Wilson Chandler has lost the free aspect of free agency. The time period that would have allowed for him to sign an offer sheet with another team has passed. The only way he can get any aspect of his free agency back is to sit out this season to become a restricted free agent again. Benjamin Hochman of the Denver Post reports:
The deadline has come and passed, so free agent Wilson Chandler can play for only one NBA team this season — the Nuggets. But there's a caveat — the Nuggets will only sign Chandler to a long-term deal, because if they were to sign him for only the rest of this season, then he becomes an unrestricted free agent in the summer.
It seems pretty obvious, Chandler doesn't want to play in Denver. This isn't news, Frank Isola of the New York Times reported this in January of 2011, before Chandler was dealt to Denver as a part of the Carmelo Anthony deal:
"He's (Chandler) really worried that he's going to get traded," the source added. "He doesn't want to leave New York. And he doesn't want to be in Denver."
This seems to still be the case, as Chandler could have signed with the Nuggets already, instead of flirting with the notion of going to Italy to play as Hochman mentions in his article.
Chandler is a talented swing-man who would get a ton of attention from other teams in the more normal 2012 off-season. Teams won't be hindered by the NBA Lockout, nor will they have to deal with the fact that they have to wait until March to sign Chandler.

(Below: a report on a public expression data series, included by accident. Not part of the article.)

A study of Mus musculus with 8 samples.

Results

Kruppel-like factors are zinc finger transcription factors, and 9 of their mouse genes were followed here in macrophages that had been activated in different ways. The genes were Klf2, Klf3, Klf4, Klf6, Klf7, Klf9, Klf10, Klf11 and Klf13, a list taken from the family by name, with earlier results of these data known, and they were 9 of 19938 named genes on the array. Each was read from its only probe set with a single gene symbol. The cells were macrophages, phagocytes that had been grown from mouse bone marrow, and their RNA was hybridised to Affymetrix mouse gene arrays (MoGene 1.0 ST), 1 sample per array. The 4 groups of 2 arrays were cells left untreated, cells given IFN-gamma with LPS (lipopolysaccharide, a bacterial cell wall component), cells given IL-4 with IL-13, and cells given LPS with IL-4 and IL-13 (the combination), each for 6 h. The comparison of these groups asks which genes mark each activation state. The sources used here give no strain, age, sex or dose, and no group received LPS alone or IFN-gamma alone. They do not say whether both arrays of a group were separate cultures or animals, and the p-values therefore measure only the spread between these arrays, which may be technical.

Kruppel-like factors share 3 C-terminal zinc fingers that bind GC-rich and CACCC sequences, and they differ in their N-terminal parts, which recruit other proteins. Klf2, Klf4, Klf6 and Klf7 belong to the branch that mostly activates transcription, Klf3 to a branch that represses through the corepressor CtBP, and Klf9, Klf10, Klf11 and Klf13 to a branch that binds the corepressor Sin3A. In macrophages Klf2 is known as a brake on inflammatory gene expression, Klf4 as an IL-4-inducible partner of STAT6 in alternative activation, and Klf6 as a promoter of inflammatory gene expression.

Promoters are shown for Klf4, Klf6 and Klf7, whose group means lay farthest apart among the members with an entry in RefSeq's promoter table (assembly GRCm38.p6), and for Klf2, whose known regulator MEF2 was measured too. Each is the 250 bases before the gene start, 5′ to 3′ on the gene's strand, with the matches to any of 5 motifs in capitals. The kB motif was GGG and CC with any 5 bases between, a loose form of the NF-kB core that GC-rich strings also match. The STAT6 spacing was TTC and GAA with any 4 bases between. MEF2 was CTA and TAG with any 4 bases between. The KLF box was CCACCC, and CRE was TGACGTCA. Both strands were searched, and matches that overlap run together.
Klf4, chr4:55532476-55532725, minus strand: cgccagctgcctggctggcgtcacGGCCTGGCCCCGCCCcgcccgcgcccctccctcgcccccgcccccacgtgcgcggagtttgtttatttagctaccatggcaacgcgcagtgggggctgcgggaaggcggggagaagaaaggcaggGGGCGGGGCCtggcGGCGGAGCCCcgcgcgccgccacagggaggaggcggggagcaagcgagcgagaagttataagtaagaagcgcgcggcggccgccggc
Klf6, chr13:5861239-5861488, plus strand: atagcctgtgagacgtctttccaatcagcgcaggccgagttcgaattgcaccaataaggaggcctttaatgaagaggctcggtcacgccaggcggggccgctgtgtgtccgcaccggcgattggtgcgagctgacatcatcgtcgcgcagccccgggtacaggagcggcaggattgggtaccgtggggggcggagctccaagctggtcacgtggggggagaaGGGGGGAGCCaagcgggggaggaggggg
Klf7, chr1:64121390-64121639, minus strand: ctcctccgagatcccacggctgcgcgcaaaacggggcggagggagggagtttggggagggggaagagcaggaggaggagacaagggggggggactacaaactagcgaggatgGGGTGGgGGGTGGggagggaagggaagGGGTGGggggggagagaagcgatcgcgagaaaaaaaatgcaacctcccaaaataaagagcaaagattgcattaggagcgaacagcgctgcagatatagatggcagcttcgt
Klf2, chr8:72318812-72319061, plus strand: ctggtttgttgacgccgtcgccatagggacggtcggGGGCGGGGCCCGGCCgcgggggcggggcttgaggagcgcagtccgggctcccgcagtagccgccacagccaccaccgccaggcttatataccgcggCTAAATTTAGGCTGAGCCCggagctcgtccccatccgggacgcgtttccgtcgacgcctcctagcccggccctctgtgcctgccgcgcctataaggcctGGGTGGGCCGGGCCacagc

The half-year rental of Chandler complicated things. He isn't a player on the downside of his career like Kenyon Martin. The rental situation isn't a good deal for him or the team he would potentially sign with.
This is why any team interested in Chandler is likely looking to lock him up to a long-term deal. Those are difficult to negotiate mid-season, especially under these circumstances.
If Chandler waits until the offseason, he will open negotiations back up for other teams to sign him to an offer sheet he hopes the Nuggets are unwilling to match. Another option would be a sign-and-trade, allowing the Nuggets to receive some compensation for losing him.
Either way, he gets to chose his destination, and to exit Denver for a long-term deal.
The worse thing that could happen to Chandler is this:
He could play in Denver these remaining 29 games and the playoffs, get hurt or simply play poorly, thereby hurting his stock.
He would damage his long-term earning potential, all the while playing in a location that is undesirable to him.
Chandler is a 6'8", 24-year-old swing-man who already owns a career scoring average of 14 points per game. He is better suited allowing teams to evaluate him based on what he's already done. He only stands to lose playing for a team he doesn't like, risking injury and or poor play.
This is a crucial period in Chandler's career. He would be wise to exert some patience in choosing his next destination.